Michigan House Republicans
Rep. Allor votes for new tax savings plan supporting Michigan families, seniors, and veterans
RELEASE|May 19, 2022

State Rep. Sue Allor today cast her vote in support of a plan to provide genuine tax savings for Michigan families, seniors, and veterans throughout the state.

The $2.5 billion tax relief plan, made possible by a large surplus of state revenue, would return money to taxpayers by cutting the income tax rate and boosting savings for individuals, working families, seniors, and veterans.

“Michiganders are struggling due to the massive price increases on everyday essentials such as groceries and gas,” said Allor, of Wolverine. “I fundamentally believe that people, not government, are the best stewards of their hard-earned tax dollars. As a Legislature, we must always look at ways for Michigan residents to keep more of their income, and it’s even more important now as costs continue to rise.”

The plan would lower the individual income tax rate across the board from 4.25% to 4% and increase the personal income tax exemption by $1,800. Seniors age 67 and older who may currently deduct $20,000 of income individually or $40,000 jointly would be eligible for an increase of $1,800 or $3,600, respectively, with future increases automatically adjusted for inflation.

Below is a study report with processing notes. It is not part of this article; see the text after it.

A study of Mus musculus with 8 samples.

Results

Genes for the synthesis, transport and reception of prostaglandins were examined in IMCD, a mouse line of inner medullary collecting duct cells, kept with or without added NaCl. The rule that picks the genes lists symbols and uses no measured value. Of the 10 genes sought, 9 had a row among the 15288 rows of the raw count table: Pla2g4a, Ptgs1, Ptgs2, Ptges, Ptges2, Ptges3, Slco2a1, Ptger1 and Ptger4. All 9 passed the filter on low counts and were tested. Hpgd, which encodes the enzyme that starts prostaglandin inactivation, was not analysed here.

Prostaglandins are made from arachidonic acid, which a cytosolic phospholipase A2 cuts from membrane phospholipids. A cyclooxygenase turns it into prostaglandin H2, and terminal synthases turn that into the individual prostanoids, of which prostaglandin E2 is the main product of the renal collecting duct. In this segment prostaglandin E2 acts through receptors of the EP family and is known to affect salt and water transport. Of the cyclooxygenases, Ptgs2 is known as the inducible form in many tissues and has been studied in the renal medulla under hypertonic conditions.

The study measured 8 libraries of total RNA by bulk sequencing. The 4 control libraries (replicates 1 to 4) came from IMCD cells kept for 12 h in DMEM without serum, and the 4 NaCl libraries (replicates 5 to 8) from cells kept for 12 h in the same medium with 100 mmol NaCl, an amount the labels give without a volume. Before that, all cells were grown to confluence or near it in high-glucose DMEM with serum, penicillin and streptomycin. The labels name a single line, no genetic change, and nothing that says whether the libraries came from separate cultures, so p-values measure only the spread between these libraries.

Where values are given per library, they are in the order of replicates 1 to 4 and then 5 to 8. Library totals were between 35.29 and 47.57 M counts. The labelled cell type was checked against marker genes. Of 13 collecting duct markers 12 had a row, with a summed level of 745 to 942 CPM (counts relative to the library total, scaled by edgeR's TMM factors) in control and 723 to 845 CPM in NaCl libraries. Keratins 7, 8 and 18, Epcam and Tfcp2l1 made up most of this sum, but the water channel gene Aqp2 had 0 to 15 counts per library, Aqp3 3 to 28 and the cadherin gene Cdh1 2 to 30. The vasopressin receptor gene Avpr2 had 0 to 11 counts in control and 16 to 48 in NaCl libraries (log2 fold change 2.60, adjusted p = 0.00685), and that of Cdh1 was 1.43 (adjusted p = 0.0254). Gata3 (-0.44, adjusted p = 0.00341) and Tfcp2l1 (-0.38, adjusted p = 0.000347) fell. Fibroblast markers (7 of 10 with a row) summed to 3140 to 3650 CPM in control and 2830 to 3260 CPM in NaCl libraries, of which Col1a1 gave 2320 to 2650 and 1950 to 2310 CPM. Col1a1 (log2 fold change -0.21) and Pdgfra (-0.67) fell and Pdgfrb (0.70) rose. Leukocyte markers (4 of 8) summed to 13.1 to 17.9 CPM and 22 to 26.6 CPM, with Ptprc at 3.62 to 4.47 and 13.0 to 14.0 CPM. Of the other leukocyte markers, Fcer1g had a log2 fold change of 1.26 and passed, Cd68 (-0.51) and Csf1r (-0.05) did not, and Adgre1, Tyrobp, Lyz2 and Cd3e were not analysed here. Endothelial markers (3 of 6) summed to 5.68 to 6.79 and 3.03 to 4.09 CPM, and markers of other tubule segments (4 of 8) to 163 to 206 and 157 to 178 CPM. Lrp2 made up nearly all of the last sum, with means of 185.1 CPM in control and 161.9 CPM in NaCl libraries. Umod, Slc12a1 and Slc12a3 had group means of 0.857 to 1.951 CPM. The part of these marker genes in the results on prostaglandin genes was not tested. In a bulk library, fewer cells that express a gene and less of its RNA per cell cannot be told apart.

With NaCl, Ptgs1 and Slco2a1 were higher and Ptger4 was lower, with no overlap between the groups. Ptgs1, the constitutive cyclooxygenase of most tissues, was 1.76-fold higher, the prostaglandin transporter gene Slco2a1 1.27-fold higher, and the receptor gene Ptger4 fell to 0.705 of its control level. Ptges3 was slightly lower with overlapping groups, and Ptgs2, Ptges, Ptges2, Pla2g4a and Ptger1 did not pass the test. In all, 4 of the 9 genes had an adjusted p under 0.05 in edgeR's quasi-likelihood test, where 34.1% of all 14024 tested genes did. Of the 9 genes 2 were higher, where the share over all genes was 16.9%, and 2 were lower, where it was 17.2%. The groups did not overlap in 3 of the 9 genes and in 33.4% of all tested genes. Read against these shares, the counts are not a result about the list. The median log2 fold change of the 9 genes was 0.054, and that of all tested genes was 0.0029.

Families would also be eligible for a $500 nonrefundable tax credit for each dependent 18 years old or younger. The state Earned Income Tax Credit, which offers savings for lower-income families and individuals, would be increased from 6% to 20% of eligible income — a change the governor has previously supported.

Under current state law, a veteran with a permanent and total disability resulting from military service is exempted from paying property tax on his/her home. The plan would also apply this exemption to an eligible veteran’s surviving spouse. Veterans with a disability determined to be between 50% and 100% would be eligible for a property tax credit up to $2,000. Finally, the state would reimburse local governments the amount of revenue lost related to these exemptions.

The bulk of the tax plan, contained in House Bill 4568, passed the Senate and House of Representatives today and now advances to the governor for consideration. The remainder of the plan in Senate Bill 784 is expected to pass early next week.